The Good Behaviour Game (GBG) is classroom management strategy that encourages good behaviour and co-operation in children in primary school classrooms. Teachers initiate Good Behaviour Games by dividing children into small teams that are balanced for gender and child temperament. Teams are rewarded with points for good behaviour in short games that take place several times a week.
GBG has initial evidence of improving children’s behaviour, reducing substance misuse and sexual risk taking.
How it works (Theory of change)
- GBG assumes that success in school is supported by good behaviour such as sitting still, paying attention and obeying classroom rules.
- Appropriate classroom behaviours can be encouraged through incentives that are made explicit through the Good Behaviour Game.
- In the short term, children behave better in their classroom.
- In the longer term, children learn more at school, demonstrate more prosocial behaviour and engage in less antisocial behaviour, including substance misuse.
What happens during delivery?
How is it delivered?
GBG is delivered by teachers in the classroom setting to a class of children.
It consists of a game based on a set of classroom-wide rules encouraging good behaviour and discouraging aggressive or disruptive behaviour
The Good Behaviour Game is implemented in three distinct phases:
- Phase 1. Children and teachers become familiar with the basics of the game by playing it intermittently within the classroom for 10-20 minute periods.
- Phase 2. The teacher introduces to settings beyond the classroom and children may play it for longer periods to target key behaviours.
- Phase 3. Children are encouraged to generalise GBG’s principles outside of the context of the game. Teachers accomplish this by beginning the game with no warning and at different times, so students are constantly monitoring behaviour and complying with classroom rules.
What happens during the intervention?
GBG is not a curriculum, but a strategy that can be applied to a variety of classroom activities (e.g. writing a story, drawing a picture, doing maths). The teacher divides the classroom into teams of four to seven pupils and introduces the game with the following four rules:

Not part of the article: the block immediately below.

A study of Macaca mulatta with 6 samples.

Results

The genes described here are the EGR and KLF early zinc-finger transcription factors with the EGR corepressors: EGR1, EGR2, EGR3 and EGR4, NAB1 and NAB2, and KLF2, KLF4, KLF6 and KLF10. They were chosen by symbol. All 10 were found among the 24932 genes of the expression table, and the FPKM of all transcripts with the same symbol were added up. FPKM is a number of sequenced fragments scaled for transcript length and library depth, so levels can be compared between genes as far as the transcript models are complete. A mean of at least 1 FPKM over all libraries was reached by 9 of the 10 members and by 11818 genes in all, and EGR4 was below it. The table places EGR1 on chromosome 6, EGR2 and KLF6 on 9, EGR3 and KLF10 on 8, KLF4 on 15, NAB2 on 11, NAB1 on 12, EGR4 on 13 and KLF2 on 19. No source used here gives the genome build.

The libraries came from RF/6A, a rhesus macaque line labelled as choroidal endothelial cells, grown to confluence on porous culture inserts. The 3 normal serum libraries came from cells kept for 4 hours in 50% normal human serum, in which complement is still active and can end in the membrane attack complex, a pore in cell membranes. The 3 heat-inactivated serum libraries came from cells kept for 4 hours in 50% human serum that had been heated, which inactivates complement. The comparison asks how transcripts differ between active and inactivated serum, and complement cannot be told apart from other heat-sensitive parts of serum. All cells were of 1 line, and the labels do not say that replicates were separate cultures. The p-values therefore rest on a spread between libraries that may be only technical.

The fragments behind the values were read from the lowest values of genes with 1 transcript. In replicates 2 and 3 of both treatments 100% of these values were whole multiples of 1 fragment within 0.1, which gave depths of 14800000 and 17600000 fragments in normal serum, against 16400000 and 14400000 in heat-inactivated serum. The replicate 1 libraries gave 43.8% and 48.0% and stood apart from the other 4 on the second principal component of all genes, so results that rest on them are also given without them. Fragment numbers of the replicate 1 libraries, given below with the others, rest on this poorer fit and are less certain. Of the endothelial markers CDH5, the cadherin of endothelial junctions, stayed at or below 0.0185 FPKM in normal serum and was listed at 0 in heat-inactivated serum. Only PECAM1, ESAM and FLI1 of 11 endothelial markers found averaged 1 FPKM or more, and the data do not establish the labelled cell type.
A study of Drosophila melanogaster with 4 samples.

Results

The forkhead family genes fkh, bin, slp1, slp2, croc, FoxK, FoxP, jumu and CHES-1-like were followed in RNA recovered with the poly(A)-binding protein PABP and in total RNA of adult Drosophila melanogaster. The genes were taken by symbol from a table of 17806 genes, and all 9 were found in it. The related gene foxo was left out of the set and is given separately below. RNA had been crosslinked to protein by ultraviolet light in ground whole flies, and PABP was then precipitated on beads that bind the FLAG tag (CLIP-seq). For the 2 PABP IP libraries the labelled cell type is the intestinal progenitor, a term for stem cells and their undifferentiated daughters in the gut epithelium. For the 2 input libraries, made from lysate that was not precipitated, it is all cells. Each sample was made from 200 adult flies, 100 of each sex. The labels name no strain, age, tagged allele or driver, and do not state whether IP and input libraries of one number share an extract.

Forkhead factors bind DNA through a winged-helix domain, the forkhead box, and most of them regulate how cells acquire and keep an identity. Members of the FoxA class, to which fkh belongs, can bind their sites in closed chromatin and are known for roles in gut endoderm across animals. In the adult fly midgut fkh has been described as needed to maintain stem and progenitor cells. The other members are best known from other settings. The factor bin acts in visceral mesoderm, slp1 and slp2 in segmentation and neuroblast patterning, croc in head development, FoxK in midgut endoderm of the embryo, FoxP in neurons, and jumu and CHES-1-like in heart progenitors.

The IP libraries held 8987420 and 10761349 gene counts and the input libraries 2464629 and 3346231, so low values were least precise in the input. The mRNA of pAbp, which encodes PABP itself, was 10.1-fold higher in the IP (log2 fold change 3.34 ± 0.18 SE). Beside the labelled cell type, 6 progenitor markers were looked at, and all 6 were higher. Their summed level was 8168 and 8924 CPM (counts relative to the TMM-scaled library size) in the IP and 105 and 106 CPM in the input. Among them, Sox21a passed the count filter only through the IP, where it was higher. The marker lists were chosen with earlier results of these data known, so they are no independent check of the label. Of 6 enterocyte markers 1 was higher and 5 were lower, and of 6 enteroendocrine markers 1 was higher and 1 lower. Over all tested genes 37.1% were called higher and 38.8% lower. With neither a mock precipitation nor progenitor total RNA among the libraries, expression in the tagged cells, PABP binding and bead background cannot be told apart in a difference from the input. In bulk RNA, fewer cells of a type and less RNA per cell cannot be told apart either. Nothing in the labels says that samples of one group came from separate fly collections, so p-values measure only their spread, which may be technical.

- We will work quietly
- We will be polite to others
- We will get out of seats with permission
- We will follow directions.
The teacher then monitors the teams for rule breaking. Good behaviour and team co-operation is also rewarded with praise, stickers and badges. The winning team(s) is announced at the end of the game with a high amount of praise.
What are the implementation requirements?
Who can deliver it?
- Practitioners of the programme should be teachers of children aged six to ten.
What are the training requirements?
- Training in GBG consists of a two-day initial on-site course, followed by a one and a half day readiness visit by a GBG trainer.
- During delivery, technical assistance provided by phone and email with GBG trainer. Implementation materials and training manual assist delivery of programme.
How are the practitioners supervised?
- Practitioners are supervised by licenced GBG supervisors who provide three afternoons of training and ten classroom supervisions per year.
- Supervisors feedback to practitioners with plans for improvements when required.
What are the systems for maintaining fidelity?
- Practitioner supervision
- Fidelity scoring.
Projected Costs and Benefits
Dolan, L. J., Kellam, S. G., Brown, C. H., Werthamer-Larsson, L., Rebok, G. W., Mayer, L. S., Laudolff, J., Turkkan, J. S., Ford, C., & Wheeler, L. (1993). The short-term impact of two classroom-based preventive interventions on aggressive and shy behaviours and poor achievement. Journal of Applied Developmental Psychology, 14, 317-345.
- Reduced aggressive and shy behaviour among boy and girl first graders (teacher and student rated).
Kellam, Sheppard G., George W. Rebok, Nicholas S. Ialongo, and Lawrence S. Mayer. 1994. “The Course and Malleability of Aggressive Behaviour From Early First Grade Into Middle School: Results of a Developmental Epidemiologically Based Preventive Trial.” Journal of Child Psychology and Psychiatry 35,259–81.
- Continued improvements for the most aggressive boys in the original study (teacher reported).
Kellam, S. G., Brown, C. H., Poduska, J., Ialongo, N., Wang, W., Toyinbo, P., Petras, H., Ford, C., Windham, A., & Wilcox, H. (2008). Effects of a universal classroom behaviour management program in first and second grades on young adult behavioural, psychiatric, and social outcomes. Drug and Alcohol Dependence, 95, 5-28.14 year follow-up.
- Reductions in alcohol misuse (self-report)
- Reductions in antisocial behaviour (self-report)
- Reductions in smoking and illicit drug use (self-report, males only).
Kellam, S. G., Wang, W., Mackenzie, A. C. L., Brown, C. H., Ompad, D. C., Or, F., Ialongo, N. S., Poduska, J. M., Windham, A. (2014). The impact of the Good behaviour Game, a universal classroom based preventive intervention in first and second grades, on high risk sexual behaviours and drug abuse and dependence disorders in young adulthood. Prevention Science, 15(Suppl 1), S6-S18.
- Reductions in risky sexual behaviour reported at ages 19-21 (self-report, males only).